Turkish police and intelligence units tortured a group of former Foreign Ministry staff members, including diplomats, Ankara Bar Association and a lawmaker have claimed, throwing the existence of a practice long denied by authorities back into the heart of public debate.
On May 20, Turkish courts issued arrest warrants for 249 former Foreign Ministry personnel, including experienced diplomats, on alleged “affiliation with the Gulen Movement and cheating exams” to enter diplomacy service. At first, 78 of them were imprisoned.
The public has been rattled by revelations of torture at a time when the E.U. released its annual report on human rights in Turkey. The report offers a damning account of setbacks and reversals in Turkey’s human rights record. The state of purge victims, the mass imprisonment of government’s political opponents and the political nature of ongoing trials appear to be the chief elements of EU criticism toward Ankara.
The torture of diplomats comes against this backdrop. Unlike the minor and insignificant response to previous cases, where individuals aimed to raise public awareness about the torture of their beloved ones in prison, this time there was a palpable reaction on social media, given that the detainees were former diplomats.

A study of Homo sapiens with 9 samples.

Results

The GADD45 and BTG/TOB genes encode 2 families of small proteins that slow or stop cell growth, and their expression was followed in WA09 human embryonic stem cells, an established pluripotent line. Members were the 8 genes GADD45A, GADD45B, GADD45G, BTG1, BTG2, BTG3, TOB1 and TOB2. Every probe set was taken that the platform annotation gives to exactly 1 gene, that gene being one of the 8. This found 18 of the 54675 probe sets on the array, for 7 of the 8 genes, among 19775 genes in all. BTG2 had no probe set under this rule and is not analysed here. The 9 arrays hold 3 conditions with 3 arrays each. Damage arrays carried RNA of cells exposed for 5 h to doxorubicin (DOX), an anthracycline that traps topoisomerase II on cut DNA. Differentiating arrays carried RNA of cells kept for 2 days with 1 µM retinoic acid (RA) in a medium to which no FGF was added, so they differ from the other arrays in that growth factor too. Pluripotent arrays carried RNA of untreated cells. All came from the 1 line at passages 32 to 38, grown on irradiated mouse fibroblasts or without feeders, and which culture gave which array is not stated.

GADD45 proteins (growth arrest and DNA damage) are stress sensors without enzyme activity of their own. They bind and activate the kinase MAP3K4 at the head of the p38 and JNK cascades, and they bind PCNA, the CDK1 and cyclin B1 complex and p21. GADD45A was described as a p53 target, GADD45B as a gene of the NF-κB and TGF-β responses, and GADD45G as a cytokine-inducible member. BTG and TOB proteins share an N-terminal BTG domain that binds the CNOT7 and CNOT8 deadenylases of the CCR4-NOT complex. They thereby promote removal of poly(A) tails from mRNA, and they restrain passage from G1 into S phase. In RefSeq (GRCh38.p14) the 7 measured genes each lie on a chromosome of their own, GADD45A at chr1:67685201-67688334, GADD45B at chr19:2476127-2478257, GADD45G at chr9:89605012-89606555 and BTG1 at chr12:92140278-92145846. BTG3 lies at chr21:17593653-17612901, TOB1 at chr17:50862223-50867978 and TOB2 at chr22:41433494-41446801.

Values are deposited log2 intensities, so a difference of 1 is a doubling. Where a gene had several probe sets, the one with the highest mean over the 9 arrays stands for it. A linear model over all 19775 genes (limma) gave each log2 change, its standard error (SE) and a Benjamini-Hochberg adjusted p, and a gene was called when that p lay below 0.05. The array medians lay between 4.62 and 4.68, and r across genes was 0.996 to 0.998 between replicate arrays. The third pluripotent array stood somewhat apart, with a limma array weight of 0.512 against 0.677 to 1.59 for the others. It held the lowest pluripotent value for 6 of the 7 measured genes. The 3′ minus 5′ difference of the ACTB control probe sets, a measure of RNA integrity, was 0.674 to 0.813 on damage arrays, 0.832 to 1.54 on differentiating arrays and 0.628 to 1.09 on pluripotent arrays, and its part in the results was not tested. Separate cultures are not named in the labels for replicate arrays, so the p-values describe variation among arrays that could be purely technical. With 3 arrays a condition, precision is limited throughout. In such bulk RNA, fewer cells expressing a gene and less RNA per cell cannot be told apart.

What ignited the latest crackdown on former Foreign Ministry personnel was a set of probes launched by Ankara Chief Public Prosecutor’s Office over allegations of nepotism and fraud in recruitment procedures. But such charges are often invoked arbitrarily and mostly serve as a fig-leaf to cover the political nature of clampdown in any targeted sector of bureaucracy.
Authorities, legal or political, rarely feel obliged to disclose proof or solid ground for investigations. This legal rationale presented for public consumption hardly dispels deep skepticism about the contours of major trials.
Early on Monday in local time, Peoples’ Democratic Party (HDP) lawmaker Omer Faruk Gergerlioglu raised claims of torture against diplomats in police custody in Ankara Police Department, submitting a set of questions to the Justice Ministry and Vice President Fuat Oktay, demanding both explanation and action.